Hospital medicine precourse: From admission to discharge

This new course offers cutting-edge information on hospital medicine.

There must be a way to tie the bread-and-butter topics of hospital medicine together so they are relevant yet fun, thought James S. Newman, FACP, director of the new hospital medicine precourse at Internal Medicine 2011, as he planned the course agenda last year.

“Instead of disparate lectures on this and that, I thought, ‘The course should follow a hospitalization from admission to discharge.’ Then I thought of the fact that so much of our testing and lectures in medicine is case-based, which is how I got the idea to make the course about the sequence of one patient's hospitalization,” said Dr. Newman, a hospitalist at the Mayo Clinic in Rochester, Minn. and the editorial advisor for ACP Hospitalist.

Photo by Thinkstock
Photo by Thinkstock.

The precourse, which runs from 8 a.m. to 5 p.m. on Wednesday, April 6, starts with the admission of fictional patient Francis Xavier, a 78-year-old man admitted directly to the hospital service from a nursing home with fever and myalgias. The admission scenario is a springboard for a short introductory talk on the administrative and historical aspects of admission, including utilization review, Dr. Newman said.

“The precourse is about more than patient care. Part of what I want to integrate, in addition to clinical topics, is information on quality, patient satisfaction, research and administration,” he said.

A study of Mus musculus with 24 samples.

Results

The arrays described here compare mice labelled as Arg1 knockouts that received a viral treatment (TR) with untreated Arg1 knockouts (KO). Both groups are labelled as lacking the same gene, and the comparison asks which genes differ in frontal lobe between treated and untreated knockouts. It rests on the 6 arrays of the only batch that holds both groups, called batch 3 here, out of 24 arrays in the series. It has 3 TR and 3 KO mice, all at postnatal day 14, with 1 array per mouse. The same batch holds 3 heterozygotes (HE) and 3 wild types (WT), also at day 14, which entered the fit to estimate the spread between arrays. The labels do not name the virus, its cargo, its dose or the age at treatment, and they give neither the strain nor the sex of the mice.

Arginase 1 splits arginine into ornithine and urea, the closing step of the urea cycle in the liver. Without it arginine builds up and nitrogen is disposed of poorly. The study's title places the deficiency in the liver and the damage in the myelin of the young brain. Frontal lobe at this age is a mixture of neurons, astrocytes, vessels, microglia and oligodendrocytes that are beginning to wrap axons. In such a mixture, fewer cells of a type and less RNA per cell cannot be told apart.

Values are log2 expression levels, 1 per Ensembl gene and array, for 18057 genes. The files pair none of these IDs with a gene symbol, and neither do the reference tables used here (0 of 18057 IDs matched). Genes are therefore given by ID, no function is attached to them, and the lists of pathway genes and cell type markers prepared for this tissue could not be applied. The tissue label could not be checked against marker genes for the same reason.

As the course progresses, participants learn that the patient, Mr. Xavier, is assessed by a nurse shortly after arrival and deemed to be suffering from sepsis; this cues a talk on sepsis. A chest X-ray of Mr. Xavier then reveals multilobar pneumonia, which cues a talk on hospital-acquired pneumonia. Later, a nurse walks into Mr. Xavier's room to find him on the floor tangled in a web of IV lines; this triggers a talk on patient safety.

Other clinical topics that emerge as the tale of Mr. Xavier's visit continues include congestive heart failure, delirium, inpatient diabetes management, oral lesions and venous thromboembolism. Patient satisfaction, a review of literature, and effective discharge are covered, as well. One talk will even involve a quiz show with prizes, Dr. Newman said.

“Every talk will, in some way, be pegged to our patient,” Dr. Newman said. “The course offers cutting-edge and high-level information that's suitable for both practicing hospitalists and non-hospitalists who are interested in hospital medicine.”

Each lecture topic is delivered by a different expert in the field, Dr. Newman added.

“In addition to inviting leaders from around the country to speak, I strove for representation from institutions local to the conference. I worked with Greg Maynard [ACP Member and chair of hospital medicine at University of California, San Diego] to identify the best speakers from hospital medicine groups in the area,” he said.

Some of the nine precourse speakers include Phillip Dellinger, MD, from Cooper University Hospital in Camden, N.J., speaking on sepsis; Gregory Seymann, ACP Member, from UCSD, speaking on hospital-acquired pneumonia; Scott Keller, FACP, from the Mayo Clinic, reviewing recent literature; and Mark V. Williams, FACP, from Northwestern University in Chicago, speaking on hospital discharge.